Friday, August 17, 2012

Rubicon Crushes Google on Advertising Reach

There seems to be a David and Goliath story brewing in the competitive world of online advertising. In this case, the “David” in this story is a small-but-growing Los Angeles-based startup known as The Rubicon Project, or just Rubicon for short. The “Goliath” is none other than the king of online advertising: Google. In the month of July, Rubicon beat Google’s advertising reach. Rubicon’s ads were able to reach 96.2 percent of the US online audience, bringing in a total of 212.7 million unique visitors for its advertising clients. By contrast, Google reached 93.4 percent of the US audience, with a total of 206.6 million unique visitors.

In the words of Rubicon’s CEO, Frank Addante, who was quoted in the August 9, 2012, edition of Business Insider, Rubicon has “been on the tail of Google for a while now.”

A Brief History of The Rubicon Project

The fact that Rubicon surpassed Google is no accident; the company has been making itself busy by expanding its advertising network’s reach over the past several years. In May 2012, Rubicon acquired Mobsmith, a company providing mobile advertising products. 2010 saw the acquisition of Site Scout and the very large Fox Audience Network, a News Corp. property. In 2009, Rubicon purchased Others Online, a company that had created behavioral targeting services for online ads. The list of acquisitions and partnerships goes on; Rubicon has been quietly expanding their territory and technological prowess for several years.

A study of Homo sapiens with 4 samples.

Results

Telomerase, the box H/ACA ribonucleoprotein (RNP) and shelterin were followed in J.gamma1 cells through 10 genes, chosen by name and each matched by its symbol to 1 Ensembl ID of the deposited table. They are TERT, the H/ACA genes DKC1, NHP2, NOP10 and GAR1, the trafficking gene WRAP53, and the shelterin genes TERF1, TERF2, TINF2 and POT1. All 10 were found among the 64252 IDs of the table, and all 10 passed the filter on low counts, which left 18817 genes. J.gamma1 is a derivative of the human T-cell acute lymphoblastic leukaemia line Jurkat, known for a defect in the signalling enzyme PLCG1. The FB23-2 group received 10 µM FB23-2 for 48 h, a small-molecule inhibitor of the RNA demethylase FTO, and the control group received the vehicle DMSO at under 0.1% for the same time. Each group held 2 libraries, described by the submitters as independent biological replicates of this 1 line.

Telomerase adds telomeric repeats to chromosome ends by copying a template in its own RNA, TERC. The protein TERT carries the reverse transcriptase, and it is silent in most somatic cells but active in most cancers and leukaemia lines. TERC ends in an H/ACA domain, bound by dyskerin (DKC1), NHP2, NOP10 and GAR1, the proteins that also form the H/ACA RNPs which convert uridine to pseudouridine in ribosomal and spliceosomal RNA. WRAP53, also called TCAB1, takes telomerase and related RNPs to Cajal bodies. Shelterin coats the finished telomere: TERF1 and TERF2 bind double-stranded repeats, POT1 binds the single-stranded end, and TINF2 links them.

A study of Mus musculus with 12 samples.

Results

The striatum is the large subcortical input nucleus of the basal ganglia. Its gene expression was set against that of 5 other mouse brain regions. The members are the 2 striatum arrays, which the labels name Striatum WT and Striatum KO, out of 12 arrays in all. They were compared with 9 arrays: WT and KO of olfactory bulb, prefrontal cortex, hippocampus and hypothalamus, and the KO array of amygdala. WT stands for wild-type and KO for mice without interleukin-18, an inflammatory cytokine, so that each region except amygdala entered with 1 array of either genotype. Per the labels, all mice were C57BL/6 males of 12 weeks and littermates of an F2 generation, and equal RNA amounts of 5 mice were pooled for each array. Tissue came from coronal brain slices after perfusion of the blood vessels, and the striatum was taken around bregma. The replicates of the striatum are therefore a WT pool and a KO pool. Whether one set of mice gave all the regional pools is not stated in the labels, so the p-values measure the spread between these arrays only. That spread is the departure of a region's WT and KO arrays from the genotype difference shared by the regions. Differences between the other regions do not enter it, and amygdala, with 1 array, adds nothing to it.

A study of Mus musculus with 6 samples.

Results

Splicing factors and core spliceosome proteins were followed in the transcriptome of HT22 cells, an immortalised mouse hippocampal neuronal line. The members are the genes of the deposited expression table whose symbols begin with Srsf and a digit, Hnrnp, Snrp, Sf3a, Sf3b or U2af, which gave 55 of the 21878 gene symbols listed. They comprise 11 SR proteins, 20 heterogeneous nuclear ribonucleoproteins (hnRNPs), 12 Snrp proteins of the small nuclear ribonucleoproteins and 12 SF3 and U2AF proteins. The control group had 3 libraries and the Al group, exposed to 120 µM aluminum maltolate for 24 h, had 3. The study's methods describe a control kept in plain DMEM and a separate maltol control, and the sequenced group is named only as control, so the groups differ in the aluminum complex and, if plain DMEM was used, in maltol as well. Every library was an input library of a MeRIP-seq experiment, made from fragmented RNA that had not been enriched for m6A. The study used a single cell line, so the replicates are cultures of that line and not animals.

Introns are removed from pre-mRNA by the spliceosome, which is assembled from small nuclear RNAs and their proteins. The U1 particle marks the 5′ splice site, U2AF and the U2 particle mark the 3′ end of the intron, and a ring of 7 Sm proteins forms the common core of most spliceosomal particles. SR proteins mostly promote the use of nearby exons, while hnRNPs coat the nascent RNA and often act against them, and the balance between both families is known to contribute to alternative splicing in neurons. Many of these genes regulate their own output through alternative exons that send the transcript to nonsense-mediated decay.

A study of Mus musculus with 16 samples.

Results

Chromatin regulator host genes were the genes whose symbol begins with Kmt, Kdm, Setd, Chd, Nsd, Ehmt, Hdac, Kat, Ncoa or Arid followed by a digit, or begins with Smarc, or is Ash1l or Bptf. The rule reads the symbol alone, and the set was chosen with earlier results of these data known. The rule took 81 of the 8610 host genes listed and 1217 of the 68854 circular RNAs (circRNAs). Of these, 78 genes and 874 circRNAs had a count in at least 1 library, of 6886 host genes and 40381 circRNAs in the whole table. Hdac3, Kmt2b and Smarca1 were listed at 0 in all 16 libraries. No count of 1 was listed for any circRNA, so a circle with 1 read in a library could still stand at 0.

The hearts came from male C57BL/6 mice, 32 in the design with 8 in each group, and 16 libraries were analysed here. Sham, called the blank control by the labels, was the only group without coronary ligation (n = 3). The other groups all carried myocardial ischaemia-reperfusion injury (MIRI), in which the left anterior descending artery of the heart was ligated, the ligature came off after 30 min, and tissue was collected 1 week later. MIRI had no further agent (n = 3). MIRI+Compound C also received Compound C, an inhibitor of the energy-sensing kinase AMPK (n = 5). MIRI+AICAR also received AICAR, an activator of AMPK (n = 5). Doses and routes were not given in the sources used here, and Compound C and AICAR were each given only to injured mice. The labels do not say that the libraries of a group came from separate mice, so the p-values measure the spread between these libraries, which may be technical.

Meanwhile, the company has also been busy hiring new executives and expanding their global reach although Google is a strong competitor so it may not yet be time to trade out of any holdings in your share dealing account just yet. Recent additions to the Rubicon team have included former Ticketmaster executives and seasoned business people drawn away from other cutting-edge tech firms.

Significantly, Rubicon has embraced the move in online advertising towards real-time bidding, or RTB. As the name suggests, RTB moves away from the traditional static bidding of online advertising and towards a more flexible, dynamic form of ad bidding. For advertisers, RTB provides greater cost efficiency, smarter advertising cookies and overall better ad performance. Mike Baker, the President of the Internet marketing research company DataXU and guest blogger for the popular ClickZ website, stated back in a 2009 post that he thought “early movers” with the RTB advertising technology would be greatly rewarded.1 At least when it comes to Rubicon’s success, he was certainly correct.

What Rubicon’s Advances Mean for Google and the Online Advertising Industry


How did the Rubicon Project pull off its toppling of Google? As alluded to above, it’s been a combination of technology acquisition and serving the right website properties. When it comes to technology, the RTB ad server technology used by Rubicon, known as REVV, is currently the only advertising platform that sources its inventory directly from the publishers. Everyone else uses intermediaries or various buying relationships.2

As for serving the right website properties, Rubicon’s customer base includes roughly one-third of the top 100 comScore publishers. Although it serves some of the largest web properties online, the ones not served by Rubicon include those that are already within the networks of the other major advertising network players, such as Facebook, Google, Yahoo, AOL, etc.

Time will tell if Google will catch back up to The Rubicon Project or if the Internet advertising industry has found itself a new Goliath.

References:
1. Baker, Mike. “Real-Time Bidding: What It Is and Why It Matters.” ClickZ.com. October 19, 2009.
2. “Rubicon Project Passes Google in U.S. Audience Reach, Ranks #1 on ComScore’s Ad Focus Ranking Report.” BusinessWire. August 10, 2012.